Six days later Jesus took with Him Peter and James and John his brother, and led them up on a high mountain by themselves. And He was transfigured before them; and His face shone like the sun, and His garments became as white as light. And behold, Moses and Elijah appeared to them, talking with Him. Peter said to Jesus, “Lord, it is good for us to be here; if You wish, I will make three tabernacles here, one for You, and one for Moses, and one for Elijah.” While he was still speaking, a bright cloud overshadowed them, and behold, a voice out of the cloud said, “This is My beloved Son, with whom I am well-pleased; listen to Him!” When the disciples heard this, they fell face down to the ground and were terrified. And Jesus came to them and touched them and said, “Get up, and do not be afraid.” And lifting up their eyes, they saw no one except Jesus Himself alone. As they were coming down from the mountain, Jesus commanded them, saying, “Tell the vision to no one until the Son of Man has risen from the dead.” And His disciples asked Him, “Why then do the scribes say that Elijah must come first?” And He answered and said, “Elijah is coming and will restore all things; but I say to you that Elijah already came, and they did not recognize him, but did to him whatever they wished. So also the Son of Man is going to suffer at their hands.” Then the disciples understood that He had spoken to them about John the Baptist.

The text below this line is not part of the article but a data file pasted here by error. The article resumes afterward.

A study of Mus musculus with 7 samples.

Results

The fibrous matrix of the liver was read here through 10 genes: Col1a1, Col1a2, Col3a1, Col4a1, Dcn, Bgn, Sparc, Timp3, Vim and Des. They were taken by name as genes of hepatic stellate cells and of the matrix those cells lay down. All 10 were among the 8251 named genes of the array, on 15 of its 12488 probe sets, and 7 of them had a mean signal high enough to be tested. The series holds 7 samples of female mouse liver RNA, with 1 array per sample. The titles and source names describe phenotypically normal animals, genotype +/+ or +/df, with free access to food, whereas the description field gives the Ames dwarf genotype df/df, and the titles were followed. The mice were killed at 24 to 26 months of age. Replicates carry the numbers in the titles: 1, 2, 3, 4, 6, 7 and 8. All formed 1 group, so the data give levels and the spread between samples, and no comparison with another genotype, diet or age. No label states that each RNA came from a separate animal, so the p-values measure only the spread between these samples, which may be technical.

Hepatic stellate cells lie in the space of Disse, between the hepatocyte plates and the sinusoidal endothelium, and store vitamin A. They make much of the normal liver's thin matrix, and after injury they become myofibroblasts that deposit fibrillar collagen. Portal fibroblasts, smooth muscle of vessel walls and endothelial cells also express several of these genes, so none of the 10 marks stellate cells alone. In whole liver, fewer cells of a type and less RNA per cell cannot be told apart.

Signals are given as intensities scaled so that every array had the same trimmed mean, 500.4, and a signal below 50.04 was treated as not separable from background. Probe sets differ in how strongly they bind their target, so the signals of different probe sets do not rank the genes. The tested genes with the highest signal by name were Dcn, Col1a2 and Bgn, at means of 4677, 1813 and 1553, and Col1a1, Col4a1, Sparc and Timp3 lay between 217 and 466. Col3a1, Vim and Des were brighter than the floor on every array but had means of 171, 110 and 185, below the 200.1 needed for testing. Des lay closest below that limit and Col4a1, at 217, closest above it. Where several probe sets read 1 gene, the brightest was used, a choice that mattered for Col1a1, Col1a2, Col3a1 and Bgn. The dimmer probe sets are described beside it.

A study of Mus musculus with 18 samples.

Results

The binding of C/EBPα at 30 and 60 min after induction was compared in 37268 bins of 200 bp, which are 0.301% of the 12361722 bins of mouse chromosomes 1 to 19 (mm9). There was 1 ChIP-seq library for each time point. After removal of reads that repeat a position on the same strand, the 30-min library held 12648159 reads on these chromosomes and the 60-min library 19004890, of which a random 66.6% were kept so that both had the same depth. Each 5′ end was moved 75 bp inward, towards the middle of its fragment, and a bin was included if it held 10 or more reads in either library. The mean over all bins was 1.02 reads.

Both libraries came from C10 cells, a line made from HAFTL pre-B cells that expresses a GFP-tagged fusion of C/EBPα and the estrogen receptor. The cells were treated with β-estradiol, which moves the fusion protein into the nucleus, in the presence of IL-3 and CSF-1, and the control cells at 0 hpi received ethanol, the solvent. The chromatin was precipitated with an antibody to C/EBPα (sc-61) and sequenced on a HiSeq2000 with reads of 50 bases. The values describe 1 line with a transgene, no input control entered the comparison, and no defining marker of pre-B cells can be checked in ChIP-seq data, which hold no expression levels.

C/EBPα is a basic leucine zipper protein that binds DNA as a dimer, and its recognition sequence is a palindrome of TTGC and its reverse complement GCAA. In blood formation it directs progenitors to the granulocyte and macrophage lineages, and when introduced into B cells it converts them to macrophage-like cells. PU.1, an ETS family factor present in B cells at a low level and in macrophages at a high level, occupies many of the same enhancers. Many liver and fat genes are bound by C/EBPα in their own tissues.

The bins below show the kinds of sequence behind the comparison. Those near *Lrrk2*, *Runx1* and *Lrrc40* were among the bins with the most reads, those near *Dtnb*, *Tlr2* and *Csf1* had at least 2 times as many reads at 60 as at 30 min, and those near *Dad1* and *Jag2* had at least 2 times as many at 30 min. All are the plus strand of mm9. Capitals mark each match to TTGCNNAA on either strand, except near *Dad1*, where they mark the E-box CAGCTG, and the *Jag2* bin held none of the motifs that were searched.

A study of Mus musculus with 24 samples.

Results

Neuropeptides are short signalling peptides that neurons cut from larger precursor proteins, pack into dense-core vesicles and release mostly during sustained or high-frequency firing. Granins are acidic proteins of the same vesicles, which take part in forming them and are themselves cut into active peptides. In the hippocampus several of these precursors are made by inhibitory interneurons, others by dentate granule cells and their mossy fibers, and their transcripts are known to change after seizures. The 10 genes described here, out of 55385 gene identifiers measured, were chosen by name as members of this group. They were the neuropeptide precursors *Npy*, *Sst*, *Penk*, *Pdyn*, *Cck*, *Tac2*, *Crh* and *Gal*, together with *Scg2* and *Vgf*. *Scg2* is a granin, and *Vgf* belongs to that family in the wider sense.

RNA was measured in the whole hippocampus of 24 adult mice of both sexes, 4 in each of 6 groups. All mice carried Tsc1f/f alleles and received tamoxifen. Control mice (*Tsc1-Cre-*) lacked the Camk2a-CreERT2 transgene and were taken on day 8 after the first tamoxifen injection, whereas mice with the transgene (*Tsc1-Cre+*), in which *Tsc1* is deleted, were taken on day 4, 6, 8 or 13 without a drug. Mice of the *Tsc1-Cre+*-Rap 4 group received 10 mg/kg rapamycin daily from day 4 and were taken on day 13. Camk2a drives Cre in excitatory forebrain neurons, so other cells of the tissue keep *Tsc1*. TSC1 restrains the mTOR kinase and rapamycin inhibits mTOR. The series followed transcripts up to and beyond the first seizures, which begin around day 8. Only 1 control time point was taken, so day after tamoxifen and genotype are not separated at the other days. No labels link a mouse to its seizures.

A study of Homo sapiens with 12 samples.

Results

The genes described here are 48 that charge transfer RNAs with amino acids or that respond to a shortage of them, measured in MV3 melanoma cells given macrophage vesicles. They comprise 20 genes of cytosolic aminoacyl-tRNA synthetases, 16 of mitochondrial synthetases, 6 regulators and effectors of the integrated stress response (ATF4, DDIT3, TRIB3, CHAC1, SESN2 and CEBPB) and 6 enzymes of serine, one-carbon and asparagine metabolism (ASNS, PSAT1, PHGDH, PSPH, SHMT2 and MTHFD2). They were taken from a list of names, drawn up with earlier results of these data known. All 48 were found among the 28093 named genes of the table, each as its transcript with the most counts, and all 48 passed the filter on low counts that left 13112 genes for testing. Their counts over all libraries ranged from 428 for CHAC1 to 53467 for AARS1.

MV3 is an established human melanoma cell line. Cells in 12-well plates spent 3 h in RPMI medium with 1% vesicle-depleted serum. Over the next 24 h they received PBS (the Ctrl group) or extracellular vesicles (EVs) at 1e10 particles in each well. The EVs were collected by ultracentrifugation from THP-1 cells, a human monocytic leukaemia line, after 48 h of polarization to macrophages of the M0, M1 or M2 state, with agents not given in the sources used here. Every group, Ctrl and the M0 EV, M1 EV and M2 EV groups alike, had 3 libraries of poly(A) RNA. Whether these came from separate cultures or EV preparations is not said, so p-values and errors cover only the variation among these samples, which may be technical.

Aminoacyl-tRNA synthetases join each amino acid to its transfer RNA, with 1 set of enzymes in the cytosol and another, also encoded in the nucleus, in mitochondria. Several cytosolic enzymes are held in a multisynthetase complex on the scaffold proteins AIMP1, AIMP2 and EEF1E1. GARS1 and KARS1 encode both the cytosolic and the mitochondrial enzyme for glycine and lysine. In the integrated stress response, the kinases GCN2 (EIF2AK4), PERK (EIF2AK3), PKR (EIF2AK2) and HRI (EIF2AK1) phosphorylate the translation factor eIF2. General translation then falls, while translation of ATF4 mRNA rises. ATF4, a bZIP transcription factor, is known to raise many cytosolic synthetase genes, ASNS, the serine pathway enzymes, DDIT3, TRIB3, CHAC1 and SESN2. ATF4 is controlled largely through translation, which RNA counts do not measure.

– Matthew 17:1-13
Here we find one of the few utterances attributed to God in the New Testament. And like the others, it points listeners to Jesus. Thus the New Testament depicts God the Father handing over the kingdom of creation to His Son.
The purpose of this vision was to strengthen the faith of the disciples in Jesus. Moses and Elijah represent, of course, the Law and the Prophets. Thus as Moses and Elijah fade from the vision, leaving only Jesus, so the Law and the Prophets are subsumed into the teaching of Jesus.
The discussion at the end is Jesus confirming that John the Baptist fulfilled the prophecy about Elijah in Malachi 4:5.
(Remember that prayer is more about listening than talking. Use the words below to start yourself, but then allow time to reflect more on the Scripture above before you say the “Amen.” During that time of quiet reflection, let God shape your thoughts and wait for a sense of peace to come. That’s your signal to say “Amen” and go forth to the day.)
Lord, knowing You is more important than knowing anything else in the Bible…(this is where you remain quiet to let Him work in your thoughts)… Amen.
(All scriptures, unless otherwise noted, are taken from the NASB.)